The Delhi Commission for Protection of Child Rights (DCPCR) has recommended the immediate termination of all the proceedings involving petty offences against more than 1,000 juveniles that have completed the due time of six months or are pending for over a year.
According to the Commission, as of December 31, around 367 cases were pending between 6-12 months, and 953 cases were pending for over a year in six Juvenile Justice Boards in Delhi.
Section 14 of the Juvenile Justice Act, 2015, states that cases involving petty crimes must be concluded maximum within six months of the minor's first appearance before the court. The period can be extended by a maximum of two months after the reasons for the extension is recorded.
The child rights body took a strong view of the effect of delays in cases involving children, from compromising their mental health and personal freedom to denial from familial love.
"The stigma faced by the children and the tag of the 'criminal' when cases are being pursued in Juvenile Justice Boards not only adversely affects the mental health of the children, but denies them their familial love if kept in an institution, and personal freedom duly enshrined in the Constitution. It has a significant adversarial impact on the children. Pursuing the proceedings beyond the legally permissible time limit, therefore, would be an encroachment of the statutory right as well as the personal liberty of these children," the recommendation document reads.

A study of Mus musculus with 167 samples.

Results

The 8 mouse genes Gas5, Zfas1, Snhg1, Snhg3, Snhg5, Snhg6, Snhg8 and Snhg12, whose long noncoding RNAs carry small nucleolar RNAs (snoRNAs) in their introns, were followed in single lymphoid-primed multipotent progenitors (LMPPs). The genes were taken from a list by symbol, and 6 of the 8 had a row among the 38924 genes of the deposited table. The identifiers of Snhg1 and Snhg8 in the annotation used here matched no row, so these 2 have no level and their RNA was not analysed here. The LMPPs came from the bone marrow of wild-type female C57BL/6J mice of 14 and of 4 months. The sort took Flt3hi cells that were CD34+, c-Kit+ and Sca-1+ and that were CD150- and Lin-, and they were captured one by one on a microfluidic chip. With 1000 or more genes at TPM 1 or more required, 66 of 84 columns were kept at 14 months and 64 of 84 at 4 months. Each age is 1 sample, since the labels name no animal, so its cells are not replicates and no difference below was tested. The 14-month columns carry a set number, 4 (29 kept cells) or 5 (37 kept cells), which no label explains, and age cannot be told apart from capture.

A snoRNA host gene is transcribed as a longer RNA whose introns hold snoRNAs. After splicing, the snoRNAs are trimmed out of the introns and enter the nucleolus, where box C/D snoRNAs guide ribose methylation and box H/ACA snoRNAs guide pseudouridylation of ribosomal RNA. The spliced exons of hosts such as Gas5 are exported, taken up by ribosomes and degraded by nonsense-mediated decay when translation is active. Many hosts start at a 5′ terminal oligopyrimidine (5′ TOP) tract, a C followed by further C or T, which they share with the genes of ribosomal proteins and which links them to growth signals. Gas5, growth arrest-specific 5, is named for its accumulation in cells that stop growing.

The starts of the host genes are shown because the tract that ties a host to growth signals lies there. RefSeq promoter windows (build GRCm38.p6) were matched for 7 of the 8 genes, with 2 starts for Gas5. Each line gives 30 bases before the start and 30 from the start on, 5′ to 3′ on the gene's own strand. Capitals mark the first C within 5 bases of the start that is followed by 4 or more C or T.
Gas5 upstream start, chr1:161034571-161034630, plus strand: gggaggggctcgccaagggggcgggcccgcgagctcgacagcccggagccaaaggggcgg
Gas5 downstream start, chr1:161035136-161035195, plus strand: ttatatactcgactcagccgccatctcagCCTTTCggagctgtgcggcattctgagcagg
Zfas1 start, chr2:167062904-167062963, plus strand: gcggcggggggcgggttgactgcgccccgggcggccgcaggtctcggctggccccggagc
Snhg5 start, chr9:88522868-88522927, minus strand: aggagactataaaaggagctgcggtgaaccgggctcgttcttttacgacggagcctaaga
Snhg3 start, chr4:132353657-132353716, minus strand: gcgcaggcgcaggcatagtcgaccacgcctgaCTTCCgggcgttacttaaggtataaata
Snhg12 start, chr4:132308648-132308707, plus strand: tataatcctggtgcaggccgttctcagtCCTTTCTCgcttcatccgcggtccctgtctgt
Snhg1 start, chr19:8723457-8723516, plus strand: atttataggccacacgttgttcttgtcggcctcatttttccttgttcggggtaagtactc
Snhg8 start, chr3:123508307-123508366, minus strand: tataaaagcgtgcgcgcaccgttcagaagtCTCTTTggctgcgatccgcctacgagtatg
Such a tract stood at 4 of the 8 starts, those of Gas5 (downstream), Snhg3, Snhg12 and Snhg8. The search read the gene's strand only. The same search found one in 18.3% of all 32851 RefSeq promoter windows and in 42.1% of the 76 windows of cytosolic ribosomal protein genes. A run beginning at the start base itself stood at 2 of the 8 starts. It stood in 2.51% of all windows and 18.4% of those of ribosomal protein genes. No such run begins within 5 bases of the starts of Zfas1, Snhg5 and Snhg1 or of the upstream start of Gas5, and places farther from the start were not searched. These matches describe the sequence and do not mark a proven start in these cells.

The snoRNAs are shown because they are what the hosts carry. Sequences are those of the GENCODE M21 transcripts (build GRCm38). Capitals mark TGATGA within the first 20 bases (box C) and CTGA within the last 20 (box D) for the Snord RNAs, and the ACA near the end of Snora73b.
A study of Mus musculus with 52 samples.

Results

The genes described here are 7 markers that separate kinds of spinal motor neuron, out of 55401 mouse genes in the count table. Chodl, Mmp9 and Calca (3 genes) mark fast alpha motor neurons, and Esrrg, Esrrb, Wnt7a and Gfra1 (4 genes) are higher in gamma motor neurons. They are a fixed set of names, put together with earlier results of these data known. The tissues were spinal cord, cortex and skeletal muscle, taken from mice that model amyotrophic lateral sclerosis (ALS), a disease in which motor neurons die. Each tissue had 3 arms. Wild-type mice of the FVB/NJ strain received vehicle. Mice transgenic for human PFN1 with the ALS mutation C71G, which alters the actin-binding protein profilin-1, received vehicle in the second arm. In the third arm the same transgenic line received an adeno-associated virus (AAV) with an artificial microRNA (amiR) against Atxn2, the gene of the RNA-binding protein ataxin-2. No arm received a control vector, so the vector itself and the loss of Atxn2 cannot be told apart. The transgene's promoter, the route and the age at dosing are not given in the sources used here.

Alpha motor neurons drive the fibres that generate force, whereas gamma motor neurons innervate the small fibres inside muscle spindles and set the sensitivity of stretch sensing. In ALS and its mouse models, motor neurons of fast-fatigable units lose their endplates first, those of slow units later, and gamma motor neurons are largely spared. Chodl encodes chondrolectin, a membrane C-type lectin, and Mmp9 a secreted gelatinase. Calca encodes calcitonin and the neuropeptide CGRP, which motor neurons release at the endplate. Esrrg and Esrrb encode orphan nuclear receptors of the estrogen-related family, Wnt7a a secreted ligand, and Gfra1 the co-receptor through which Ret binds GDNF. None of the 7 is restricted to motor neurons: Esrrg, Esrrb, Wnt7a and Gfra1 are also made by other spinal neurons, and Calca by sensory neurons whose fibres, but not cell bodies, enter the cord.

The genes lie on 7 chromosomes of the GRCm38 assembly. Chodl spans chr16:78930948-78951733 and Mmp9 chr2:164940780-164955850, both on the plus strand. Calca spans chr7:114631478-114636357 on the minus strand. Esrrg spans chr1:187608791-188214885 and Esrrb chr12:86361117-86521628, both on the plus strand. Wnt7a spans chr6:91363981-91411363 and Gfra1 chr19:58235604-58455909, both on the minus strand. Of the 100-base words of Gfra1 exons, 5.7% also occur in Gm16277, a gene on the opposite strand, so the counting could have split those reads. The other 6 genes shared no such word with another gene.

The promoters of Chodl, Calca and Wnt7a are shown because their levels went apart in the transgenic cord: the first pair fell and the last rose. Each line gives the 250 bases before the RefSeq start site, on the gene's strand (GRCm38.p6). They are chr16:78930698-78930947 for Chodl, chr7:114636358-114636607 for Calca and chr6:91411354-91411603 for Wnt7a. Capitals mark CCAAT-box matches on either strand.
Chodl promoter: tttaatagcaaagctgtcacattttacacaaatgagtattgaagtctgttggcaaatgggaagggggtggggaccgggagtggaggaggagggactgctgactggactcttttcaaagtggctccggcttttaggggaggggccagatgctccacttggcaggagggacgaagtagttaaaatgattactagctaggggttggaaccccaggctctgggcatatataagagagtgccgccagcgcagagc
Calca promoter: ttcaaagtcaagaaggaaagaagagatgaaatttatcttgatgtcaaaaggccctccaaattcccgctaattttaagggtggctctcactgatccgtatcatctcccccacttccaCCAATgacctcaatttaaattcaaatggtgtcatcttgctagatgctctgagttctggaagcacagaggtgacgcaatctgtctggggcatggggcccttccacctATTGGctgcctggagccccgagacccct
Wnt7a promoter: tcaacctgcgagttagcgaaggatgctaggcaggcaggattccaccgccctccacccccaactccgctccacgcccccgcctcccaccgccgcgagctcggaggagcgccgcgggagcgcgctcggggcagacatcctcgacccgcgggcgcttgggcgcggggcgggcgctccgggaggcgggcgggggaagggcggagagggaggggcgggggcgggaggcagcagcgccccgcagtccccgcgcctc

The principal magistrate of one of the JJBs said that the board was in the process of terminating the cases, but the board did not have proper access to the records due to the COVID lockdown.
The board will now be accessing the records and identify the cases into three categories - petty, serious, and heinous. It will also note whether the minor has been produced before them and whether the cases have surpassed the six-month due time.
"We are working to identify appropriate cases, and once we do, we will terminate them immediately. We have already done so in more than 100 cases," The Indian Express quoted the principal magistrate as saying.
The Commission also referred to the experts' legal opinions while forming the recommendations, including Justice Madan Lokur, Anant Asthana, Bharti Ali and Nimisha Srivastava.
The recommendations also found that neither the Act itself nor the judiciary has granted any extension in inquiries into petty offences under the Act due to the lockdown or a disaster.